Intracranial arterial abnormalities in patients with late onset Pompe disease (LOPD).
Montagnese F, Granata F, Musumeci O, et al.
J Inherit Metab Dis 2016; 39:391-398.
Pompe disease is a rare metabolic disorder due to lysosomal alpha-glucosidase (GAA) deficiency. It is considered as a multi-systemic disease since, although glycogen accumulation is largely prominent in heart, skeletal and respiratory muscles, other organs can also be affected. As regards the vascular system, few reports have documented cerebrovascular malformations in Pompe patients. The aim of this study was to define the presence and type of intracranial arterial abnormalities in a cohort of late onset Pompe disease (LOPD) patients.
We have studied 21 LOPD patients with cerebral CT angiography (CTA), using maximum intensity projection and volume rendering technique for 3D-image reconstruction.
We found intracranial arterial abnormalities in 13/21 patients (62 %), of whom: 2/21 patients (9.5 %) showed an unruptured intracranial aneurysm (respectively 2 and 4 mm), 10/21 (47 %) had a vertebrobasilar dolichoectasia (VBD) and 1/21 a basilar artery fenestration. Signs of lacunar encephalopathy (insular, capsular and frontal subcortical lesions) were detected in 13/21 patients (62 %) and this correlated with the presence of respiratory impairment (p = 0.017).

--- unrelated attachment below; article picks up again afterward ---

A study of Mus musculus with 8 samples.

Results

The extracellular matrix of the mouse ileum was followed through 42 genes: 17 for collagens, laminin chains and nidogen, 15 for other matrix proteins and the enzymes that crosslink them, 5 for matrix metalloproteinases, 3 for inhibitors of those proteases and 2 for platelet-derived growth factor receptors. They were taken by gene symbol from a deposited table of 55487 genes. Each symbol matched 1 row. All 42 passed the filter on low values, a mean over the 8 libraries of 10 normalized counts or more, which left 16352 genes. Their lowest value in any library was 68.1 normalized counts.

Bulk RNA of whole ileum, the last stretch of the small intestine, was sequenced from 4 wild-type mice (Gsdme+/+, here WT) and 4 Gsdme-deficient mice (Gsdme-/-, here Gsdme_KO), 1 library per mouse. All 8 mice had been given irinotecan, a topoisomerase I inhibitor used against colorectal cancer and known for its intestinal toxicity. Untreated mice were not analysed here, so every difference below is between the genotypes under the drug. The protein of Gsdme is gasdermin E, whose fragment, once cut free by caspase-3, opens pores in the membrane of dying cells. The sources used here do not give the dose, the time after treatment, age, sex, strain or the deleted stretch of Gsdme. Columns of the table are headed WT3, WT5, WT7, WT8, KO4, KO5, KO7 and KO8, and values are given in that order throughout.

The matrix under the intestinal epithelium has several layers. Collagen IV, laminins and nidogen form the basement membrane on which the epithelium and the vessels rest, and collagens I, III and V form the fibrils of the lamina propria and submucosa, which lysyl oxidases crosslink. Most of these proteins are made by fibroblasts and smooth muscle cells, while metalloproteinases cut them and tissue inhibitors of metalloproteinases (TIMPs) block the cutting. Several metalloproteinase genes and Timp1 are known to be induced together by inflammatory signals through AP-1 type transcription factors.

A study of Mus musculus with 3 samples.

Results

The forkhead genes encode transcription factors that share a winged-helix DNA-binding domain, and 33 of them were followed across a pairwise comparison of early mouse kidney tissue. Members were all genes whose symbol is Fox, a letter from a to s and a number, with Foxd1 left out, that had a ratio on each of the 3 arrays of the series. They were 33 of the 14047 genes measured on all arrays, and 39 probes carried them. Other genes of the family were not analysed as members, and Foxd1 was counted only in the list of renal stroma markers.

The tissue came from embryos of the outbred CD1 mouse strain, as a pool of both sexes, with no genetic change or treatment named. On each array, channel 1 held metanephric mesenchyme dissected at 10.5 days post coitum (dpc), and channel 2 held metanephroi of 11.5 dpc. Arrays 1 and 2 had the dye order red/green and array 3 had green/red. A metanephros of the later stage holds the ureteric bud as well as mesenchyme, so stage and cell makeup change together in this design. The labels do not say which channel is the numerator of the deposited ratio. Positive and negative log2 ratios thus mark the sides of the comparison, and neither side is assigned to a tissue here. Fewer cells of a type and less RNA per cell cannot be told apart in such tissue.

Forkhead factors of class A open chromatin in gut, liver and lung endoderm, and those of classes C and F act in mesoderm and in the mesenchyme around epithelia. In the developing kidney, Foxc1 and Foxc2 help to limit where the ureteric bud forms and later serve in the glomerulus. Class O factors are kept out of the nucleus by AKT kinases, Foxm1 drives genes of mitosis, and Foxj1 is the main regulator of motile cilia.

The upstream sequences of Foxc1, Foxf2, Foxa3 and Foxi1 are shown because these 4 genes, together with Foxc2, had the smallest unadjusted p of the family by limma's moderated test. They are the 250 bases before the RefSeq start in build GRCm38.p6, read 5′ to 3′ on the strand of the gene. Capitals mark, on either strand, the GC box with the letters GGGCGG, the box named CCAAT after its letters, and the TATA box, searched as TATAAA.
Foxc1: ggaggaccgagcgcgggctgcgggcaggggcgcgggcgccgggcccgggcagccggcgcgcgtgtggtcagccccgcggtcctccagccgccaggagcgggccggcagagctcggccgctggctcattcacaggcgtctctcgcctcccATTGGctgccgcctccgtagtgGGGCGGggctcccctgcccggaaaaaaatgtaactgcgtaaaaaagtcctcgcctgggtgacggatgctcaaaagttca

These findings differ from what has been previously observed in healthy, aged-matched populations and confirm that cerebral arteries abnormalities, mainly involving the posterior circle, are not so rare in laye onset Pompe disease patients and are often accompanied by a lacunar encephalopathy that might represent a hypoxic-ischemic origin. A CTA or an MRA is recommended, in LOPD patients, for early detection of cerebrovascular malformations as they could lead to life-threatening events such as sub-arachnoid haemorrhage or brainstem compression.